Chef Rob's Stuffing Tips

Holiday stuffing tips for the perfect holiday dinner

The holiday season has crept upon us again, and as our thoughts begin to focus on the inevitable turkey dinner, I can’t help but be reminded of all the dry and flavourless stuffing’s I have had to endure over the years. Store-bought, pre-packaged stuffing is convenient, quick and easy, but let’s be honest, there is no way they compare to a good homemade stuffing.

In this article I am going to give you some pointers on how to make a stuffing that will amaze your guests — and maybe even shine brighter than the turkey on the dining room table.

First, plan on making the stuffing the day before. We all know that stuffing is better the day after you first serve it, so plan it that way. The reason for this is that as the food sits overnight, there is time for all the flavours to come together, blend and coalesce into a cohesive dish.

Having said that, if you plan to “rest” your stuffing, you have to keep in mind that it might dry out. However, the solution to prevent this is simple; before you store it in the fridge for the night, add some extra liquid. Whether it is stock, water or wine, just give it a healthy shower before you wrap it up and it will stay moist as you re-heat it the next day.

Your choice for bread is also pretty important. If you like a soft, moist stuffing, make sure to use fresh bread. If you prefer your stuffing a little more firm, dice and dry your bread before making the stuffing. The dried cubes will be less susceptible to absorbing liquid, and will stay a little drier during the cooking process.

If you really want to make a nice soft, moist and rich stuffing, add a little bit of mashed potato to your mix. It is a bit of extra work to make the mashed potato, but it adds a great depth and richness to your stuffing that will set it apart from anyone else’s.

Now that we have addressed the texture, we need to talk about flavour. This is where you have to remember the basics of great cooking: Fresh herbs, homemade stock, low cooking temperatures, some form of alcohol (for the food as well as yourself), fresh local ingredients and (most importantly) enjoy your time in the kitchen. Cook with love and your guests will know it.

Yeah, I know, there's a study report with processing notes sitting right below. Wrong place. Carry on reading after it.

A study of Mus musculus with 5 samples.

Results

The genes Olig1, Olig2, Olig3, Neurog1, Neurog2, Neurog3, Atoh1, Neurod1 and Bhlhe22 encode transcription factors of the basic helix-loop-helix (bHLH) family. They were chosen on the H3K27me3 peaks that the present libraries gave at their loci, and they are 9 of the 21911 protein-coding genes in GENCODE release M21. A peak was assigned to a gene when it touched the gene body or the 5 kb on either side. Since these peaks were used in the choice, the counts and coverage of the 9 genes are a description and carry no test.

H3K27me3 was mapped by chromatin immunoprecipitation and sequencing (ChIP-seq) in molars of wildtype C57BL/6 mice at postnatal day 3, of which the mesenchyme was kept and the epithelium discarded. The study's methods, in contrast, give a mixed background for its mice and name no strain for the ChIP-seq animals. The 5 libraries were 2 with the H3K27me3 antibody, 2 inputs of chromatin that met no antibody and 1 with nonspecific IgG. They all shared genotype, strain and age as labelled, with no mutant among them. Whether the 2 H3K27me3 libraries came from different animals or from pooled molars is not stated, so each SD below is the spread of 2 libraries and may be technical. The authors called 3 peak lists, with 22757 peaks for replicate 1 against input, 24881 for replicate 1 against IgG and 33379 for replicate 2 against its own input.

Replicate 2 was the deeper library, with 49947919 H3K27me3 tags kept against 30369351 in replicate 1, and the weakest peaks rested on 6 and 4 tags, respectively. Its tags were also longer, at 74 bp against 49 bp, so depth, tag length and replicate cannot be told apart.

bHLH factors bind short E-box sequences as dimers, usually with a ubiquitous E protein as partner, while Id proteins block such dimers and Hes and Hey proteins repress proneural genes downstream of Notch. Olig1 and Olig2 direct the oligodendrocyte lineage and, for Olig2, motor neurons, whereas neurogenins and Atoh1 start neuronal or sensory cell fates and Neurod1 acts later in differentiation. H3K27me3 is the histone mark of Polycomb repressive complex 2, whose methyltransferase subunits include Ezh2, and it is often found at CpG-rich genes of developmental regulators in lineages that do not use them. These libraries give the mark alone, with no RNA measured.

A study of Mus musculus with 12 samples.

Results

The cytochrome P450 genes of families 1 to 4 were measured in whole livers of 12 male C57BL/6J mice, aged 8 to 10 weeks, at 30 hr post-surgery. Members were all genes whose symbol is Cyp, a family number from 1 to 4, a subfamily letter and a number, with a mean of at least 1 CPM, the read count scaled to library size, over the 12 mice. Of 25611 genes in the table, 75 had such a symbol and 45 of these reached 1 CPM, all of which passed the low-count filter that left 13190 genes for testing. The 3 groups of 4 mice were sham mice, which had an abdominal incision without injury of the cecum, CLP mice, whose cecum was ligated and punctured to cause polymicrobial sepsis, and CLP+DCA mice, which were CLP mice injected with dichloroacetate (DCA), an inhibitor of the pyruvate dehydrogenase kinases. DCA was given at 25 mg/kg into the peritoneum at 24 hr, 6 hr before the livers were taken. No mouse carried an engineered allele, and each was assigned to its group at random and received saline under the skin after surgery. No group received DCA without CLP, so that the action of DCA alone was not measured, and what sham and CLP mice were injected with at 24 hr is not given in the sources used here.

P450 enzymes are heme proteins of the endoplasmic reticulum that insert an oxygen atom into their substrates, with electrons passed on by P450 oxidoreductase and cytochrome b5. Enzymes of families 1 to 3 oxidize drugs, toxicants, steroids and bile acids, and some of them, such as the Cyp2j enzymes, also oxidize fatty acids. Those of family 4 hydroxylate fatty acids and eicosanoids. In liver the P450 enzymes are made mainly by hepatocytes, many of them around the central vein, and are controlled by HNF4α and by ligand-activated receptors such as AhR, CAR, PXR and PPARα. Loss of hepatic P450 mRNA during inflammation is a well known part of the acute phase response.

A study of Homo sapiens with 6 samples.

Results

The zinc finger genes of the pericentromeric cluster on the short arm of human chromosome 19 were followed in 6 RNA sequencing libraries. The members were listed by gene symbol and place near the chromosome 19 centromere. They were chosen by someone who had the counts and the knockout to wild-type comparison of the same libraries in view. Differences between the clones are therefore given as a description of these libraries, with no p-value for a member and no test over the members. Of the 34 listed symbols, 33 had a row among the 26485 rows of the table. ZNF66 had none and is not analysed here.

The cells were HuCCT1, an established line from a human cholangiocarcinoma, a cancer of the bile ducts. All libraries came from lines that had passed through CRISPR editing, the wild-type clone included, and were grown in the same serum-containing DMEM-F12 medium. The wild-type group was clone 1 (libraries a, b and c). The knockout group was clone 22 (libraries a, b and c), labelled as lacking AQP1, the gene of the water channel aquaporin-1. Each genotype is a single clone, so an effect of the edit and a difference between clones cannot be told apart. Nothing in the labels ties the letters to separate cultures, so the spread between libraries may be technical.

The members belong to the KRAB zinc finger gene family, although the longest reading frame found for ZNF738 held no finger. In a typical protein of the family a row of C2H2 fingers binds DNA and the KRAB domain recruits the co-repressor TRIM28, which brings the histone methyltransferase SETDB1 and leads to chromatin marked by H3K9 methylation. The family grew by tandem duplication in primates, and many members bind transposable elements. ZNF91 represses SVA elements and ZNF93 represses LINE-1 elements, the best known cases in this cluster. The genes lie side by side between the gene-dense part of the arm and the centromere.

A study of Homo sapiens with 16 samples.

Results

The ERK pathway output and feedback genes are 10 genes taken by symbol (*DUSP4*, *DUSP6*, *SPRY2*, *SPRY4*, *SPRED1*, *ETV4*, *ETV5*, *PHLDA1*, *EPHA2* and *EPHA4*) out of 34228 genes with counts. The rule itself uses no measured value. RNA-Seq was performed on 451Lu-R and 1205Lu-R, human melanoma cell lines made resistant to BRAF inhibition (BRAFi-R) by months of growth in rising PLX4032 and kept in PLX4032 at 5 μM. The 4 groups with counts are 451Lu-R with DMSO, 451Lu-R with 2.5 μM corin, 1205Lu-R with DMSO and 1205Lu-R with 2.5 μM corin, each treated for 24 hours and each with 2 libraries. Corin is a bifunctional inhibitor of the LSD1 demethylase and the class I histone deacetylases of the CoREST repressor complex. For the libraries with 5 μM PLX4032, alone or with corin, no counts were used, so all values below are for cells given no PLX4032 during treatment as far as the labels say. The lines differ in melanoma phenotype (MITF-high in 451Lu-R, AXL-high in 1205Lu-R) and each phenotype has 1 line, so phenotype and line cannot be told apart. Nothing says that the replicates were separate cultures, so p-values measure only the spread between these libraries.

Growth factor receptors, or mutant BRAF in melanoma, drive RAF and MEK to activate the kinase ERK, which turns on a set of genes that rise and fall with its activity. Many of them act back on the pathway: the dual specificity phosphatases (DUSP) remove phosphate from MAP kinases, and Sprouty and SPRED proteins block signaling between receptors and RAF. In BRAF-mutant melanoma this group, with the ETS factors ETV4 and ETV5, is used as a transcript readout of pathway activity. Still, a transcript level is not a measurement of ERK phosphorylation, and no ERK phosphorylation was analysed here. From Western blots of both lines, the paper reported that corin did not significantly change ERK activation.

There is a broad range of flavourings that you can add to a stuffing to make it great. The key is to start with your bread. Do you like plain white baguette or multigrain? Add some good stock, chicken for lighter flavoured breads, and beef for more dense, heavily flavoured ones.

Next comes your herbs. Lighter stuffing’s require more delicate herbs like chives, basil, thyme, cilantro and parsley. Rich stuffing’s can handle rosemary, sage, oregano and marjoram.

I like to put cheese in my stuffing so the same rules apply. Cheddar, mozzarella, feta or young bries work well for light stuffing, heavy stuffing benefits from asiago, old cheddars and bries, blue cheeses, havarti and swiss.

Adding nuts to your stuffing not only adds flavour, but a great crunch — which is great for waking up your taste buds. Try some pine nuts, walnuts or pecans; they all work well with any kind of stuffing. Personally, I love the sweetness of roasted fruits, and like to fold in some apples or pears to really give it a great full flavour. If you like a little bit of smoky flavour, dice some bacon, cook it slowly and add the bacon and its fat to your mixture.

So start with this blueprint, choose flavours that you like and put them together in a stuffing. Just remember to start with a mirepoix (one part diced carrots, one part diced celery and two parts diced onion), cook everything slowly and use the best quality ingredients you can get.

Do this and I promise yours will be better than any pre-packaged stuffing from the grocery store.

Merry Christmas, happy holidays, and happy entertaining!

Roberto “Frac” Fracchioni is an award-winning executive chef at The Millcroft Inn & Spa in Alton and the host of “Country Cooking” on Rogers TV Channel 63. Please visit the dining page at to review his menus and read his bio.